Monday, July 6, 2020

History is not a fairy tale to make us happy

Parson Weems' Fable, by Grant Wood (Courtesy of the Amon Carter Museum of American Art)

     Friday we saw our president stand before Mount Rushmore and make an impassioned plea against what he called “a merciless campaign to erase our history” and in favor of what we can call the Parson Weems’ Fable view of the past.
     You remember Parson Weems’ Fable. Or maybe you don’t. That’s one problem with history: There’s so much. The Rev. Mason Weems wrote about a young George Washington cutting down a cherry tree. The lad is confronted by his father and confesses, “I can’t tell a lie. I did cut it with my hatchet.” Such is the honesty of our leaders!
     In the view of our current president, who cannot tell the truth, the founders who created this country were perfect, while participants in the national drama who were not white men are flawed, fringe figures, Betsy Ross sewing a flag.
     The problems with the Parson Weems’ Fable view of history are many, but two stand out.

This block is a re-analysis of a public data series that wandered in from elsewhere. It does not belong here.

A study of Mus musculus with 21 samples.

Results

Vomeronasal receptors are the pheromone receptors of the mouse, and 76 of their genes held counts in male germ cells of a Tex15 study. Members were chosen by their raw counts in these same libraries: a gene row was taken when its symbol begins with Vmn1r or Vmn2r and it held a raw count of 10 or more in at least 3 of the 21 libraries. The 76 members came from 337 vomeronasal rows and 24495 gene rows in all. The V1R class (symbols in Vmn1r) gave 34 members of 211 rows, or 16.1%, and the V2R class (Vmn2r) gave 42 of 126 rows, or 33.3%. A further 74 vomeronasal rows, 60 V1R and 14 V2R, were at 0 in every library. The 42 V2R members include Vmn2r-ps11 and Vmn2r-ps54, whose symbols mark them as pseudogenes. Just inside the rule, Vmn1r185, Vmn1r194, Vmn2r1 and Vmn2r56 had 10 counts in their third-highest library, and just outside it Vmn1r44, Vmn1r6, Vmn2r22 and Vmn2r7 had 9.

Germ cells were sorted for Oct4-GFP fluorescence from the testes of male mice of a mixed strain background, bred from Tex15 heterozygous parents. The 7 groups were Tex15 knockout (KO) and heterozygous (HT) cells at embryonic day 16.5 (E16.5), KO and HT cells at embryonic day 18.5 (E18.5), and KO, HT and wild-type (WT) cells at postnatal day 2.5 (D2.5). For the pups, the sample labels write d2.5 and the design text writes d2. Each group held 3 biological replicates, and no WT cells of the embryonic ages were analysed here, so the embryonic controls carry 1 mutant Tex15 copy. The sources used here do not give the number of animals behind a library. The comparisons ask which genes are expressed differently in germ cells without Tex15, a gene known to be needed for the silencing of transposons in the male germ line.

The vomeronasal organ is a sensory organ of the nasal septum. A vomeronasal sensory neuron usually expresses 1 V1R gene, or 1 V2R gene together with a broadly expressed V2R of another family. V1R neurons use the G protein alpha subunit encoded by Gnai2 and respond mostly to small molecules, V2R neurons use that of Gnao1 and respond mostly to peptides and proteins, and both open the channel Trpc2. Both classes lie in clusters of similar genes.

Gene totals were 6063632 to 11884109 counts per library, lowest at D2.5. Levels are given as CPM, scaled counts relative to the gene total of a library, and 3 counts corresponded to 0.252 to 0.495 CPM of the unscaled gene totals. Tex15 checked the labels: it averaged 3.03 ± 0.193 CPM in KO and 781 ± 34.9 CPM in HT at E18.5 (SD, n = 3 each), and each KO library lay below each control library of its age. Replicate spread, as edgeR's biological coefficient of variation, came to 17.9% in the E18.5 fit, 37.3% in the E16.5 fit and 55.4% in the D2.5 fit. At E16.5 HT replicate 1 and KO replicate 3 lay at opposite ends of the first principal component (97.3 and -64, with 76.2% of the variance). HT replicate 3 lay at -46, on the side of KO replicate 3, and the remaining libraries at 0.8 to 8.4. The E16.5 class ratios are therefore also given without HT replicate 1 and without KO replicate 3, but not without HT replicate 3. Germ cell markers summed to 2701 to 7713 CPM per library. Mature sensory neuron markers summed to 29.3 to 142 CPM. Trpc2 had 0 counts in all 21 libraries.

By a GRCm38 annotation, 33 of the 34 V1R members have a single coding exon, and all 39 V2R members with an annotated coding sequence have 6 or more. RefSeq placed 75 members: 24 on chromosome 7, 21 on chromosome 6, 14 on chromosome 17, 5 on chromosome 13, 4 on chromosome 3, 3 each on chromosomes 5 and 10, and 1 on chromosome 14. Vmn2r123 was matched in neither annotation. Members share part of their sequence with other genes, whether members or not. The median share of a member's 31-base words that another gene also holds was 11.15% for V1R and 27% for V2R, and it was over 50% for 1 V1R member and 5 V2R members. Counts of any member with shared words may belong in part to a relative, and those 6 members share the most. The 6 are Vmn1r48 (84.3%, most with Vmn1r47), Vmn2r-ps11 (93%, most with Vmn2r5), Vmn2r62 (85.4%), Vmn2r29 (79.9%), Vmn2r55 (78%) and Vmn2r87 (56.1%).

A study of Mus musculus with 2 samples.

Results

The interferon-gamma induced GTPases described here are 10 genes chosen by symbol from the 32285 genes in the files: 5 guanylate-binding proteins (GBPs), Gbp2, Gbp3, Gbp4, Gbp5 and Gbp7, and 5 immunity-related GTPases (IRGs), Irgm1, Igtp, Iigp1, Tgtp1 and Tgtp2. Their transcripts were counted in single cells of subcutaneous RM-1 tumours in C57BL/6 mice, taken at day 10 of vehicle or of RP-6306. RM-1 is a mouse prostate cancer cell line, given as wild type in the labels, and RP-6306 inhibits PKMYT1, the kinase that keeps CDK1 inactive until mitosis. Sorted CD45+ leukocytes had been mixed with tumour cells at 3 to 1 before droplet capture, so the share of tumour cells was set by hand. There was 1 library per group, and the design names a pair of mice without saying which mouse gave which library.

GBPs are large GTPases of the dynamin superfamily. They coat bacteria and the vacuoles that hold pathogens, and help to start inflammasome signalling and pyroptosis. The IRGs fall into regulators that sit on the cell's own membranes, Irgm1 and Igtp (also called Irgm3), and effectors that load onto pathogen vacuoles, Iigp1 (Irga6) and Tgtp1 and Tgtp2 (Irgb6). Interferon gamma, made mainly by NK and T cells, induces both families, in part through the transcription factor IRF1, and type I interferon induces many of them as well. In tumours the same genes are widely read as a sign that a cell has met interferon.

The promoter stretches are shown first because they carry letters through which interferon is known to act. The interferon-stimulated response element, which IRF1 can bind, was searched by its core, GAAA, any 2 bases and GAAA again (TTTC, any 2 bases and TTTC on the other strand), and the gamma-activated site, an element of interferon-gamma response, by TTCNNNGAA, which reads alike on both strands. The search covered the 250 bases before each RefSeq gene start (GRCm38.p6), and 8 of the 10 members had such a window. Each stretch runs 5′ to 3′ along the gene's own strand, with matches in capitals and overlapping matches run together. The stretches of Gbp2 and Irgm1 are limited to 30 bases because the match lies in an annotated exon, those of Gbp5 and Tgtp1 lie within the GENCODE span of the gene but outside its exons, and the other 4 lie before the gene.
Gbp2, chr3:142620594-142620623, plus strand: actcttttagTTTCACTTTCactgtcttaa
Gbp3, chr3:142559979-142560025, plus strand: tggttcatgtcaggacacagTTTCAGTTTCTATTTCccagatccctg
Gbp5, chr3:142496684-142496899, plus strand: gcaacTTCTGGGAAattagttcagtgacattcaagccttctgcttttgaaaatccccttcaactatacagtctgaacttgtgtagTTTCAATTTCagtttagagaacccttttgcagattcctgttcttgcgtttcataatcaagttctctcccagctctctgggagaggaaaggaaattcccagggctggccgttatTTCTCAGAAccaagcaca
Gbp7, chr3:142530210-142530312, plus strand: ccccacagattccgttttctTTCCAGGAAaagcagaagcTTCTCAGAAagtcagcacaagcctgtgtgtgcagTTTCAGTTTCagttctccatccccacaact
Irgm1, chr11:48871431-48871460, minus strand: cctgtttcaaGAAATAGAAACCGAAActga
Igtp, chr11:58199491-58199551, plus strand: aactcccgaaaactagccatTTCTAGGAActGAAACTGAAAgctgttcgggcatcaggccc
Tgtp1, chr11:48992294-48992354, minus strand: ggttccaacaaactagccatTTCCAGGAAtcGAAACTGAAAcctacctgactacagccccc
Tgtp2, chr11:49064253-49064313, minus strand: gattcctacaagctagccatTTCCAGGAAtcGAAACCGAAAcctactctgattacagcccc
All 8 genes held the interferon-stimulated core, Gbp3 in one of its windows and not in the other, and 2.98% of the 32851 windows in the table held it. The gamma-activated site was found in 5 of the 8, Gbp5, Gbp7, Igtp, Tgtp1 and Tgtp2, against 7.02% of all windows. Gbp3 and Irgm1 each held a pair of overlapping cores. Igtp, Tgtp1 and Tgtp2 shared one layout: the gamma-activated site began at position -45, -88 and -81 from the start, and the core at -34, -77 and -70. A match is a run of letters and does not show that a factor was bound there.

First, it didn’t happen. Despite Weems calling the story “too true to be doubted,” the cherry tree episode was invented, historians agree, to sell books. Hence Parson Weems’ Fable; kind of a giveaway really.
     Second, history as a series of saints to venerate instead of study implies that these men are responsible for everything that transpired. Also untrue — if history were about ordinary people bending to the will of leaders, we’d all be happily nodding along with Donald Trump. When only 38% of us are. The rest are bouncing in our chairs, eager to toss him onto the ash heap come November.

    It’s like anything else. The sooner we accept our mistakes, the sooner we get better.

    1. Ah, but the mistakes are so numerous. The line to repair them would be long indeed.


    2. Gotta start somewhere, somehow.

  2. Saturday Night at Mount Rushmore they should have cut the microphone and lights, superimpose Neil's face on Mount Rushmore, and Morgan Freeman should have read this column out loud over the P.A. system. After he's done, anyone left might have learned something.